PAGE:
SAN ANTONIO – Padre Park along the Mission Reach section of the San Antonio River Walk is filling up with trees that will provide fresh foods for residents.
“We have pecans, figs, mulberries, plums, pears, loquats, persimmons. And in the future, we think we’re going to have all sorts of other things. Jujubes. There’s going to be Moringas. There’s going to be a lot of different black walnuts and interesting other crops that the community wants,” said Mitch Hagney, co-founder of the Tamox Talon Food Forest Project.
This is part of the Tamox Talon Food Forest Project that was initiated by the Food Policy Council of San Antonio.
The goal is to transform four acres of Padre Park to a food forest.
The nonprofit began planting the trees in February.
“A single tree can produce 2,000 pounds of food. So if one tree can do that, imagine what over 100 can do on a publicly accessible park,” Hagney said.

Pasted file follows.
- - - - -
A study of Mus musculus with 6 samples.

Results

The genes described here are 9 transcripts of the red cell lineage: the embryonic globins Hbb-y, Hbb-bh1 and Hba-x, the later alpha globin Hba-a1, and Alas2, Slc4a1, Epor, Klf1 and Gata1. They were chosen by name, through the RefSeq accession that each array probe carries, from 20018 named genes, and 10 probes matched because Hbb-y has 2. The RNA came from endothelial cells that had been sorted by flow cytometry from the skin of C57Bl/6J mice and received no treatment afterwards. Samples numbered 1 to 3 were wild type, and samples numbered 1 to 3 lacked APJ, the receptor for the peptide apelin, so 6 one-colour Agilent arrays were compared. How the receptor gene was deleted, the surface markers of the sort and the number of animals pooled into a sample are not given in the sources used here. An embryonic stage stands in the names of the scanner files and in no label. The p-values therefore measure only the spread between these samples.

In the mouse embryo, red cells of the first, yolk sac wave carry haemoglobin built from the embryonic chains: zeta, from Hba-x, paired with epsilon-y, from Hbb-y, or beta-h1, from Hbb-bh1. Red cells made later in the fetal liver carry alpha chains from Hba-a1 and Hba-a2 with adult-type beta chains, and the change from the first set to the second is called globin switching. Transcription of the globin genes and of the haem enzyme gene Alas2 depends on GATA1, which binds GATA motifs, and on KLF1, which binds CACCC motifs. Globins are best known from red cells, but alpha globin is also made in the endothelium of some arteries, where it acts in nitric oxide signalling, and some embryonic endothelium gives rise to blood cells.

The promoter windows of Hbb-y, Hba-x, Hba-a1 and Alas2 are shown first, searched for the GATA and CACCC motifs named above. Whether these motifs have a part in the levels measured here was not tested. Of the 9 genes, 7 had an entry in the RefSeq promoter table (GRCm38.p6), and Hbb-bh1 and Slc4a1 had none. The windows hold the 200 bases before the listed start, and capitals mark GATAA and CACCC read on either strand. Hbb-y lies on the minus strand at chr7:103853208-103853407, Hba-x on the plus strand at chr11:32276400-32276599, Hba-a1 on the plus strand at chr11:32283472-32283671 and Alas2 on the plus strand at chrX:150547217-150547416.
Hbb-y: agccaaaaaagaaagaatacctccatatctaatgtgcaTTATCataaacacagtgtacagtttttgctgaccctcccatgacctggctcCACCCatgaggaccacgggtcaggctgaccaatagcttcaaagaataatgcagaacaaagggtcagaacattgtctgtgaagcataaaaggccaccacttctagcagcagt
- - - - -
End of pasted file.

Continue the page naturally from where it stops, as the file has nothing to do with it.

Hagney said the city’s Office of Innovation gave $25,000 for the project and several donors have contributed.
“We think that those trees provide great environmental services. They help water infiltration and they are really delicious. And they’re going to be able to feed a lot of people for a long time,” Hagney said.
Nadia Gaona, community health worker with Metro Health, said they have worked with several groups.
“We’ve gotten to work with so many different neighborhood associations, tribal groups, people living in apartment complexes wanting somewhere to grow and to learn about growing,” Gaona said.
She believes the project will help future generations.
“I think for generations to come, it’s going to help address food insecurity. It’s helping to reconnect people with our cultural traditions, reconnect people with each other, with the land,” Gaona said.